This matter covers the matter of computing the intersection, if any, between two triangles in space so that they may be partitioned in parts that are unabiguously ordered for display on the computer screeen.
Let one triangle be defined in terms of a triplet of vectors, each representing a vertex of the triangle, (Q_{1},Q_{2},Q_{3}). The vector normal (perpendicular) to the plane of the triangle is found as the vector cross product of vectors representing two sides; i.e.,
A point X, given as a vector, in the plane of the triangle is such that the vector between it any point in the plane, say Q_{1}, is perpendicular to the normal vector for the plane; i.e.,
Two triangles will define two planes which will have a line of intersection. Suppose the two planes are given by:
The two equations above precisely define the intersection line. The problem is to represent the intersection line in a more convenient form that gives the coordinates of the points on the line. That form is the parametric representation of a line:
where P_{0} is any point on the line, V is a vector giving the direction of the line, and t is any real number. As t ranges from ∞ to +∞ the equation traces out all of the points on the line. So to specify the intersection line of two planes we must determine a V and P_{0}. These are not uniquely determined. The direction vector V is easy to establish. V must be perpendicular to both N_{1} and N_{2}, therefore V must be proportional N_{1}×N_{2}. It can be taken at equal to this cross product. Finding aP_{0} is not difficult; it is a matter of choosing among the myriad possibilities. Since P_{0} is in both planes:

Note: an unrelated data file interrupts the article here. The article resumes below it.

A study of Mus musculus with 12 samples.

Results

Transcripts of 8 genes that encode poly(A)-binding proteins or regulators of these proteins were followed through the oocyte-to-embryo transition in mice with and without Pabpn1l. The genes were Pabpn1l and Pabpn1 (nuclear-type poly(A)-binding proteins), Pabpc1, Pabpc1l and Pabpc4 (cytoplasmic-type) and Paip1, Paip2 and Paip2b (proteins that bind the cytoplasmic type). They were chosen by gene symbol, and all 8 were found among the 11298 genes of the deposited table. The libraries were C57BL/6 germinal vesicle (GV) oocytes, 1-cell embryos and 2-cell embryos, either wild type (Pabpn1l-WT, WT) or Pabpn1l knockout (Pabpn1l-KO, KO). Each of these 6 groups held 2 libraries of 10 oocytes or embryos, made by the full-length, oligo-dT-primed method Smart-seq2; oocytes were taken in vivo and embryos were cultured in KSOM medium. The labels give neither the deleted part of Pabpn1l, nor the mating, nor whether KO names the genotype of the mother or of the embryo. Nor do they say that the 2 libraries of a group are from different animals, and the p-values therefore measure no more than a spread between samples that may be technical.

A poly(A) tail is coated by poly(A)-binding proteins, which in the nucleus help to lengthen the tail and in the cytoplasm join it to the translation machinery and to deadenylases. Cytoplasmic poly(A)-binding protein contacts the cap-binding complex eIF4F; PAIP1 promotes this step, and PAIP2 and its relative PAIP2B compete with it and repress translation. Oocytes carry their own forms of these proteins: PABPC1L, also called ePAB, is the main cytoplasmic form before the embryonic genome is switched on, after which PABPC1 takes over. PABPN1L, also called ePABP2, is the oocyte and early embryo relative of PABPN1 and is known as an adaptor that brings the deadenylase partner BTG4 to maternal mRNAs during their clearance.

These equations reduce to
One component of P_{0} can be chosen arbitrarily. Let us
choose the third component to be zero; i.e., the pooint
P_{0} is the intersection of the line with the xyplane. Thus there
are two unknowns to be determined by the two equations above.
The line through the points Q_{1} and Q_{2} has the parametric form
If the parameter s is limited to the range [0, 1] it maps out only the points actually on the side of the triangle.
The point of intersection X_{0} of the side of the triangle and the line of intersection of their planes satisfies the condition
This appears to be three equations in the two unknows s and t, but the three equations are not independent so the solution from the first two components of the vectors is suffient to determine values for t and s. The value of s is crucial. If s is in the range [0, 1] then there is an intersection with the triangle side. If s is outside of that range then the point of intersection is beyong the end points of the side. The magnitude of t for the point of intersection is not important.
The intersections of the line of intersection with the other two sides must be determined and the intersections for the other triangle must be additionally determined. The two triangles must each then be decomposed at their lines of intersection into polygons. These polygons must be checked against the other triangles for intersection.